Before there was "Rocky," there was the "Bayonne Bleeder." In fact, without the latter, there may never have been the former. And if not for the events of March 24, 1975, the world may never have heard of either of them.
It was on that date that Chuck Wepner, who had earned the colorful moniker based on his New Jersey hometown and his propensity for spilling blood on his opponents, the canvas and even the first row or two of spectators – he credits Bayonne Times sports editor Jerry Rosenberg with coining the phrase after a beige suit of Rosenberg's gained a few red splotches during a Wepner bout – had his "Rocky vs. Apollo Creed 1" moment, squaring off against Muhammad Ali at the Richfield Coliseum in Ohio.
A young, struggling actor named Sylvester Stallone saw the bout, inspiring the movie a year later that launched one of the most successful franchises in film history. At least that's how Wepner remembers it."Sly (Stallone) called me about two weeks after the Ali fight and told me he was gonna make the movie," said Wepner. "When the first Rocky movie was released I was happy. Years later, I met Stallone and upon meeting me he spontaneously cheered, 'Hey, Chuck thanks!' ... I guess for the inspiration."
While the parallels are there, for sure – the relatively unknown boxer getting a shot at the title – Wepner was actually a far more accomplished fighter than his fictional counterpart. He had stood in there with people like George Foreman and Sonny Liston, and even beat Ernie Terrell.
But the bout with Ali happened almost by accident.
"My boxing career had just about leveled out," Wepner recalled last month at a "Gallo's Geezers" event at Gallagher's Steak House in New York with Daily News cartoonist and columnist Bill Gallo and Rocky star Burt Young, who played "Paulie."
"I was still ranked in the top 10 heavyweights, but it wasn't going that well. Then I got a call from Don King, asking if I wanted to go out to Salt Lake City to fight Terry Hinke [in September 1974], with the winner to get a shot at George Foreman, who was then the champ. So, I took the fight, knocked him out in the 11th round, and thought I was getting my title shot with Foreman."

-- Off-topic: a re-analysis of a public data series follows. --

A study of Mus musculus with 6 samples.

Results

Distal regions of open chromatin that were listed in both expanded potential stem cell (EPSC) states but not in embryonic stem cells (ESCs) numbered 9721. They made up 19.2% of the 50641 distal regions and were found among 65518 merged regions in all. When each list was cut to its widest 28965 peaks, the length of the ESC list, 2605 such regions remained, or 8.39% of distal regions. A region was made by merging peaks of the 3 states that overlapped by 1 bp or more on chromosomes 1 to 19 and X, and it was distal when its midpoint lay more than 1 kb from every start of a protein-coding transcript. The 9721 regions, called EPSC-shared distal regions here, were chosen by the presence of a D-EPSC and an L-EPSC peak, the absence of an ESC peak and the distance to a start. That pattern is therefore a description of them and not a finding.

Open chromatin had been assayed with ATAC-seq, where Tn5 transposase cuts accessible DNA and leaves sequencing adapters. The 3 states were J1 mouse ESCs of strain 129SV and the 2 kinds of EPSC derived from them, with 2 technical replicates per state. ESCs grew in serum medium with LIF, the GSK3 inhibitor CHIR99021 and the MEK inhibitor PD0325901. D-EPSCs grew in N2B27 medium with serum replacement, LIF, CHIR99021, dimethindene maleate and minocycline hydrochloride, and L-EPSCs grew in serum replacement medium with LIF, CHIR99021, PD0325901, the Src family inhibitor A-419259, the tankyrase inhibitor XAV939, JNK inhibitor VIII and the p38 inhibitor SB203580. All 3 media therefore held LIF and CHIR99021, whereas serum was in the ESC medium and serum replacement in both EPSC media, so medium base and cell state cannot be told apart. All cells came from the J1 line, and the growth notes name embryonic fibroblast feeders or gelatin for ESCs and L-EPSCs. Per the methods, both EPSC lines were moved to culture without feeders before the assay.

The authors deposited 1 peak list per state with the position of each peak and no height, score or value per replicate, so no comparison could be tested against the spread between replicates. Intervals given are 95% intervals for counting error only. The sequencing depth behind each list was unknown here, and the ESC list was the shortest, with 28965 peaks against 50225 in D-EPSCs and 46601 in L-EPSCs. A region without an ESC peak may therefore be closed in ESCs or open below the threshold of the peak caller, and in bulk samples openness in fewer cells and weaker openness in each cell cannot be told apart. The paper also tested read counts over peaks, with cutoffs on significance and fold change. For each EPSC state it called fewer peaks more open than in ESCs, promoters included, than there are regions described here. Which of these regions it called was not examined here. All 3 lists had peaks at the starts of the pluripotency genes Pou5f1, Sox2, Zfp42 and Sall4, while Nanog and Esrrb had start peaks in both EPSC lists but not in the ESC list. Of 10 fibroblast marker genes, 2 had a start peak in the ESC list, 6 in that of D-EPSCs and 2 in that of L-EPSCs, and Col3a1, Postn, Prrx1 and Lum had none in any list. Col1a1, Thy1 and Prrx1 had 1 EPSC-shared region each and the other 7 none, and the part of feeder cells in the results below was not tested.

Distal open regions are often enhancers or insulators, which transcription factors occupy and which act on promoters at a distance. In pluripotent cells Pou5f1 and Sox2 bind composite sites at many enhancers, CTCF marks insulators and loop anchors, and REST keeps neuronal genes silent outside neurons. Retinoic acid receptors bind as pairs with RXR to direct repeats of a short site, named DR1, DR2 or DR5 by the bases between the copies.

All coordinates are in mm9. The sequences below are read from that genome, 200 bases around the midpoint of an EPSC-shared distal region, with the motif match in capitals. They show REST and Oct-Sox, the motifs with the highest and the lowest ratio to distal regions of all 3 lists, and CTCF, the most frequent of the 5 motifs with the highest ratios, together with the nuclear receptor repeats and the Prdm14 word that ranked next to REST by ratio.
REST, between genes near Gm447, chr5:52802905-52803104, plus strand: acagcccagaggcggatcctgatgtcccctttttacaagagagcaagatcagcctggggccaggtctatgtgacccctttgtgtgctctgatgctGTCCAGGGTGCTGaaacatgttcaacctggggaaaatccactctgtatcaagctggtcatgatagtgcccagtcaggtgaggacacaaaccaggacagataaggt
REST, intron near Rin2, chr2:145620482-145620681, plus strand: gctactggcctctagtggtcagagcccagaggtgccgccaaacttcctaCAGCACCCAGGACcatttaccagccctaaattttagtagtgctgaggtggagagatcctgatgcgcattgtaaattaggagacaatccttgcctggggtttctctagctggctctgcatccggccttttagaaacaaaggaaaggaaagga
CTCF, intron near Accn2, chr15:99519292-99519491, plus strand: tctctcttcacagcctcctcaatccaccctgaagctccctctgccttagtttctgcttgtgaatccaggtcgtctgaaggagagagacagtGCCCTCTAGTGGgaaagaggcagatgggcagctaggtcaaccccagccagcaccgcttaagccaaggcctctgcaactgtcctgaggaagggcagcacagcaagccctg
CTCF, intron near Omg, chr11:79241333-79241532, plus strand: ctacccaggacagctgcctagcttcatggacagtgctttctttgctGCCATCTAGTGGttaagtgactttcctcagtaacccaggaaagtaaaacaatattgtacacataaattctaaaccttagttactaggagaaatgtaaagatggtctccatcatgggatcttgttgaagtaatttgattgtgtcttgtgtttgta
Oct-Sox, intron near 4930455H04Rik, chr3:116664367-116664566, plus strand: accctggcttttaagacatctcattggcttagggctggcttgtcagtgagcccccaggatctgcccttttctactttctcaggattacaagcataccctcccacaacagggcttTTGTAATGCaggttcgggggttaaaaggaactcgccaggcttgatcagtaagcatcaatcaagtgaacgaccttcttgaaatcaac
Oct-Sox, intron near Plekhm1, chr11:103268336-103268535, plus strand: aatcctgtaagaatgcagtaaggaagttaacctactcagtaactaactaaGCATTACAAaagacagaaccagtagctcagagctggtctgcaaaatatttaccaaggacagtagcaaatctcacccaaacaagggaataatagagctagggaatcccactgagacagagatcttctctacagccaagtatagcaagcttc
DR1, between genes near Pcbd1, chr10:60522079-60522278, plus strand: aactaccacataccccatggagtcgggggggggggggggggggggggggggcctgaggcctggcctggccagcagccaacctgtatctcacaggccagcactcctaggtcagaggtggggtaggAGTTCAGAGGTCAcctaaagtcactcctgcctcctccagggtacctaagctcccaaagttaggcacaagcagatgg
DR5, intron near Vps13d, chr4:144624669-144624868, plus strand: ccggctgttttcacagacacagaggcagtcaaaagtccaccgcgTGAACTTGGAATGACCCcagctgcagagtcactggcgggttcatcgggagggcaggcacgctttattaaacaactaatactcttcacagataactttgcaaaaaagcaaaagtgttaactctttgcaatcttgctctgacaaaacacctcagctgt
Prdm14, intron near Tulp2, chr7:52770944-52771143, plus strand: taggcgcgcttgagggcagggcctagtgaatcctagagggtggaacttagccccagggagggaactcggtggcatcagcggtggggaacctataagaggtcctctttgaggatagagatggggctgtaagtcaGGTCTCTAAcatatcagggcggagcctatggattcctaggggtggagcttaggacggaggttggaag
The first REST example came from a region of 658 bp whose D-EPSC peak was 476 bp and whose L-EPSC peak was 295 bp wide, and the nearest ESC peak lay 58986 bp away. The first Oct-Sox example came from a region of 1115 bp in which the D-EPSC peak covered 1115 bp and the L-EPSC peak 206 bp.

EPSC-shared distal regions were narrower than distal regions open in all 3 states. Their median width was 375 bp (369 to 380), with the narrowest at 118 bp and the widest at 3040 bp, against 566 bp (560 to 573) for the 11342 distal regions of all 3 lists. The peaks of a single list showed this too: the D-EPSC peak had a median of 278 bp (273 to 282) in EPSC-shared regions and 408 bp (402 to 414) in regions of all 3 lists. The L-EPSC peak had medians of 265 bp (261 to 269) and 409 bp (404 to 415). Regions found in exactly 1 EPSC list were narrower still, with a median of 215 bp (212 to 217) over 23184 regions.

But then Foreman was upset by Ali, and, not hearing from King, Wepner thought the whole thing was off.
Wepner, sitting on his couch at home, then received the phone call that changed his life. Not from King or any other promoter. And he didn't even want to answer the phone.
"I was at home, watching my favorite show, 'Kojak,' when I hear the phone ring. I pick it up and it's my mom. I said to her, 'Mom, you know not to call me during Kojak.' She says, 'have you heard the news, you're fighting Ali, it's all over the papers.' "
It turned out that King had been with Ali in Cleveland and set up the fight.
"I think Ali agreed to it because he thought it would be an easy fight," said Wepner.
Fifteen rounds later, Wepner had recorded a knockdown and, while he didn't come out ahead, earned the respect of the boxing world and, apparently of the Champ, who would never issue a rematch despite repeated efforts by Wepner's camp, effectively ending Wepner's days as a contender.
"I won [three straight] after that fight," said Wepner, without a hint of bitterness, "and to be honest, I think I got too much publicity out of that fight for Ali to want to fight someone that tough again. He had bigger fish to fry, with other fighters."
For Wepner, now 71, who for the past decade has worked at Majestic Wines and Spirits in Carlstadt, the Ali fight, and all the hype leading up to it and after it still remains the highlight of his boxing career.
Though he never received residuals or any "official" credit for inspiring the Rocky films, it seems he wouldn't trade in the whole experience.
"I got a shot at the title, how many guys fight their whole lives and never get that?" he said. "I got to stand in with Ali – he's arguably the greatest of all time, the most famous of all time. That moment, that fight, did so much for me."